Different ways to use underscores
Underscores in Python
Underscores have a special meaning in Python. They’re used in different places in Python.
Following are the different types of underscores used in Python:
1. Single Underscore
Saving the value of the last executed expression
A single underscore is used for saving the value of the last executed expression in the Python interactive command prompt. We can also save the value to another variable.
Ignoring values in looping
A single underscore
_ in Python is used for ignoring some values. If we don’t want to use some values, we can assign values to
Ignoring values in tuple unpacking
If we want to ignore some values while tuple unpacking, we can assign those values to
Used in numeric literals
Underscores can be used as visual separators for digit grouping purposes in integral, floating-point, and complex number literals. The underscores have no semantic meaning, and literals are parsed as if the underscores were absent.
2.Single Leading Underscore
A single leading underscore can be used in variable names, method names, and class names. It indicates that those variables, methods, and class names with a single leading underscore are treated as “private” by the programmer. If we specify
from M import * , those names starting with a single leading underscore are not imported. If we want to import those variables/methods, we have to specify the name while importing.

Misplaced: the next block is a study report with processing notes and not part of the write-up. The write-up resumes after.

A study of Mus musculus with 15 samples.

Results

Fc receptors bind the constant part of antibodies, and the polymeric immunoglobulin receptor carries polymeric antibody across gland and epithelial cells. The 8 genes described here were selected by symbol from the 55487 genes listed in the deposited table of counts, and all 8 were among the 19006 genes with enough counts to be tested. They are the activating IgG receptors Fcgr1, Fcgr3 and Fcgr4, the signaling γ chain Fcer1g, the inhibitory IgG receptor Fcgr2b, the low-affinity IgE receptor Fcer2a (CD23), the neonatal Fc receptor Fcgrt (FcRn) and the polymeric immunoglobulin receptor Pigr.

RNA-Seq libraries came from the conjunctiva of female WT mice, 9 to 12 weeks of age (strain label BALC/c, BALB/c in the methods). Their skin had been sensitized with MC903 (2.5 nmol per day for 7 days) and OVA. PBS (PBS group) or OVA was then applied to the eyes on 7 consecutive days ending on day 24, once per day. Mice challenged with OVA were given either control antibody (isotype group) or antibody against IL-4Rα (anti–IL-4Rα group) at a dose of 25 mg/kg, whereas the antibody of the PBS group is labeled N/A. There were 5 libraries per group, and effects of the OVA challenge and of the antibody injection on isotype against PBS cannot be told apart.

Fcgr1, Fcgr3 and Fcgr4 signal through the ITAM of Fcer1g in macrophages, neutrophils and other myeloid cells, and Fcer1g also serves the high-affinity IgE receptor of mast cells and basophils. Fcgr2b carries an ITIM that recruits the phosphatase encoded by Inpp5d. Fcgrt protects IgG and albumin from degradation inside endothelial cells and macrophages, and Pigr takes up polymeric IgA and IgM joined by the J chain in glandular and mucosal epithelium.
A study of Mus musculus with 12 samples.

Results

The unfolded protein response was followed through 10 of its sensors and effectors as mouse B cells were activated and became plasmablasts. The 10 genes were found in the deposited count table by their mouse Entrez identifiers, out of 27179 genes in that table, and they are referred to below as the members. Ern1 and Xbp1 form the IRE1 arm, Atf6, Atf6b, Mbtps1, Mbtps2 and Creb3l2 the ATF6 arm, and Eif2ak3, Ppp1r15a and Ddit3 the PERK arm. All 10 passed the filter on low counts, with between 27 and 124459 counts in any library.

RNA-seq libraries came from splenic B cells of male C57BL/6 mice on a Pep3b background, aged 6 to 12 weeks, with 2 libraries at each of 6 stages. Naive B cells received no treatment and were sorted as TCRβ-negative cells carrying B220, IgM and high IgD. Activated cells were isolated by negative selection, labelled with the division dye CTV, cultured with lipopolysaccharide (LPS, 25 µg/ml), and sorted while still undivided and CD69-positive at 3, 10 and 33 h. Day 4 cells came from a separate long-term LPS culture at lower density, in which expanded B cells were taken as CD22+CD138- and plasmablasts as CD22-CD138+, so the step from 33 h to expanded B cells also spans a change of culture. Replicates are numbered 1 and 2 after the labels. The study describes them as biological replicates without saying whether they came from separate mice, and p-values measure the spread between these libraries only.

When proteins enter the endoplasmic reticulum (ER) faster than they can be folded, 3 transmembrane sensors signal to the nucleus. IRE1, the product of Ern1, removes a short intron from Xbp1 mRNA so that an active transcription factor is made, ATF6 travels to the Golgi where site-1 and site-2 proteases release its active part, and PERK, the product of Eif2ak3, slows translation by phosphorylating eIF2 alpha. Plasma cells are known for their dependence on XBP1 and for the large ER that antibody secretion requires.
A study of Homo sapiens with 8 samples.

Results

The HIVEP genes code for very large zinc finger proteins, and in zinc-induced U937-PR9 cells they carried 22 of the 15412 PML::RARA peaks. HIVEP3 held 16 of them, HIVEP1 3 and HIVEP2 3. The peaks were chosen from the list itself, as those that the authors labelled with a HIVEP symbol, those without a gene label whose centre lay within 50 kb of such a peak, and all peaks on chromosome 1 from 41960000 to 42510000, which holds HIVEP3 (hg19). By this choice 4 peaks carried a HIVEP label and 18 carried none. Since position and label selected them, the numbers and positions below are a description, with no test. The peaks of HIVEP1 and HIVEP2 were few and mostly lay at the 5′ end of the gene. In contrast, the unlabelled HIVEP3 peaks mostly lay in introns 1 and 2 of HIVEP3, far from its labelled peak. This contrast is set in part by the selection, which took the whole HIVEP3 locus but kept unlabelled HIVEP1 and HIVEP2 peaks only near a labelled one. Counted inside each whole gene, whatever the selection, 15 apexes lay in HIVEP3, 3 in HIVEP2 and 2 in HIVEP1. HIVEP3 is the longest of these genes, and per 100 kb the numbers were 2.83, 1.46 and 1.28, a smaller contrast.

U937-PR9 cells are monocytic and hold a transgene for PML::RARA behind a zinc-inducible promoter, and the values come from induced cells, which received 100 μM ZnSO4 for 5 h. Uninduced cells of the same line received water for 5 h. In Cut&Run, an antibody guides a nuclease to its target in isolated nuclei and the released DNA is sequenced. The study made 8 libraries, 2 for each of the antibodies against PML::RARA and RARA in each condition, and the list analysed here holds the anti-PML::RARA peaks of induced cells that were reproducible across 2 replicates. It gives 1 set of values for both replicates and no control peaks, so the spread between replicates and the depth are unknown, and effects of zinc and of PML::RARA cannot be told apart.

To quote PEP-8
“_single_leading_underscore: weak “internal use” indicator.
E.g. from M import * does not import objects whose names start with an underscore.”
Importing the above-mentioned Python file
from c1 import *
Variables and functions which have a single leading underscore cannot be accessed.
If we want to import variables and functions having a single leading underscore, we have to mention the name while importing.
from c1 import _a,_sub
3. Single Trailing Underscore
Single trailing underscores are used to avoid conflicts with Python keywords.
To quote PEP-8:
“single_trailing_underscore_: used by convention to avoid conflicts with Python keyword”
#Coverting tuple to list using list() constructor t1=list(t) #Output:TypeError: 'list' object is not callable
In the above example, we can use
list_ as the variable name to avoid a conflict with the Python keyword
#Coverting tuple to list using list() constructor t1=list(t) print (t1)#Output:[5, 6, 7]
4. Double Leading Underscore
Double leading underscore tells the Python interpreter to rewrite the attributes names and method names of subclasses to avoid naming conflicts. Interpreter changing attribute names with class extension is known as name mangling.
self._className__methodname() instead of
self._classname__attributename instead of
As per Python documentation:
“Name mangling is helpful for letting subclasses override methods without breaking intraclass method calls.”
To quote PEP-8:
“__double_leading_underscore: when naming a class attribute, invokes name mangling (inside class FooBar, __boo becomes _FooBar__boo)”
The inherited class having the same method name:
5. Double Leading and a Double Trailing Underscore
Special methods in Python are named with double leading and double trailing underscores. They are known as magic methods/dunder methods in Python.
__init__,__str__,__repr__,__len__. These magic methods have special meaning in Python. We can override those to change our class’ behavior.
To quote PEP-8
__double_leading_and_trailing_underscore__: “magic” objects or attributes that live in user-controlled namespaces. E.g.
__file__. Never invent such names; only use them as documented.”
As per Python convention, avoid using variable name having double leading and double trailing underscore.
We can use the
dir() function to see the magic methods inherited by the class.